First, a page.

It’s impossible to place Trent Harmon neatly into a box, and that’s what makes him magic. Harmon’s new album You Got ‘Em All, released May 18, is an eclectic combination of country, soul, pop and jazzy blues that creates an earful of delightful sounds. Combined with Harmon’s signature strong-but-reedy voice and the emotional, heartfelt lyrics, this album provides a hit for every kind of audience.
The title track (read our review of it here) leads the album off on a sentimental note, with its airy but poignant single piano key strike.
“Her” serves as the emotional rollercoaster track of the album, starting out slow and moody with woozy keys that immediately set a 70s-soul tone. By the end, it’s a full-on jam, and chances are he’ll kick it up ten notches for a live performance. He laments a lost love, saying that even if a new girl is fine and sweet, she’ll never be “her.” Between the vocals and the jazzy, poppy vibes, this song would be a good pick for Justin Timberlake fans.
“First Five Minutes” is a super-fun, upbeat summer anthem with radio-friendly beats. The only downside to this song is that it’s only 2:46, so it’s cut a bit short. Key lyrics: “I could’ve told you I loved you and I would’ve meant it in the first five minutes.”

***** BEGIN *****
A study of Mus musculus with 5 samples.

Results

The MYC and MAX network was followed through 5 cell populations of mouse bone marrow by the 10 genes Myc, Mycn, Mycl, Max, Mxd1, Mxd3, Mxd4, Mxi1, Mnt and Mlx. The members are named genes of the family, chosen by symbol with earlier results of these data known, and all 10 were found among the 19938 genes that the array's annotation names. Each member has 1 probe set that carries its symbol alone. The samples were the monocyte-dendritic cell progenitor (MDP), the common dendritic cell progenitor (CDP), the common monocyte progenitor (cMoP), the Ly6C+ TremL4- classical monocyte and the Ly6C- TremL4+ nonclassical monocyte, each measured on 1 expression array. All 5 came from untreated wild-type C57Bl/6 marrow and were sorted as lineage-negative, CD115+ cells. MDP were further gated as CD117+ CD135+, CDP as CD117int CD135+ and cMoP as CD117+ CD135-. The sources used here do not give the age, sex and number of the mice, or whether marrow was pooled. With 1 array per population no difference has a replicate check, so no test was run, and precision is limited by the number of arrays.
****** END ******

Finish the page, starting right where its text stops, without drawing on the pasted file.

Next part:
Trent’s vocal talent especially soars on songs like “Chandelier,” “Hold On,” and “On Paper” – the latter of which is classic Harmon. It’s upbeat and poppy, and has a great message: “You can’t live on paper, can’t love on paper, can’t sum up the two of us on paper, don’t make sense on paper, stories end on paper, so how ‘bout we take that piece of paper and set it on fire?” Harmon’s voice really shines best in this song, especially against the backdrop of a clear ringing acoustic guitar and picky banjo.
“Falling” provides an unexpected twist in the album – it’s a flirty, sultry song that will likely be an album favorite. The addition of a brass section adds an intriguing layer and branches into new territory for Harmon.
You Got ‘Em All plays through like a long love letter, but replaces sappiness with true heart and authenticity. The overall feeling is sweet, upbeat and encouraging, and Harmon has a way of singing that makes you feel like he’s singing just to you. Influences of artists like Bruno Mars and Justin Timberlake are evident while he keeps some roots in country. Harmon flexes his creative muscles and tries out new sounds with You Got ‘Em All, but remains true to the things he does best.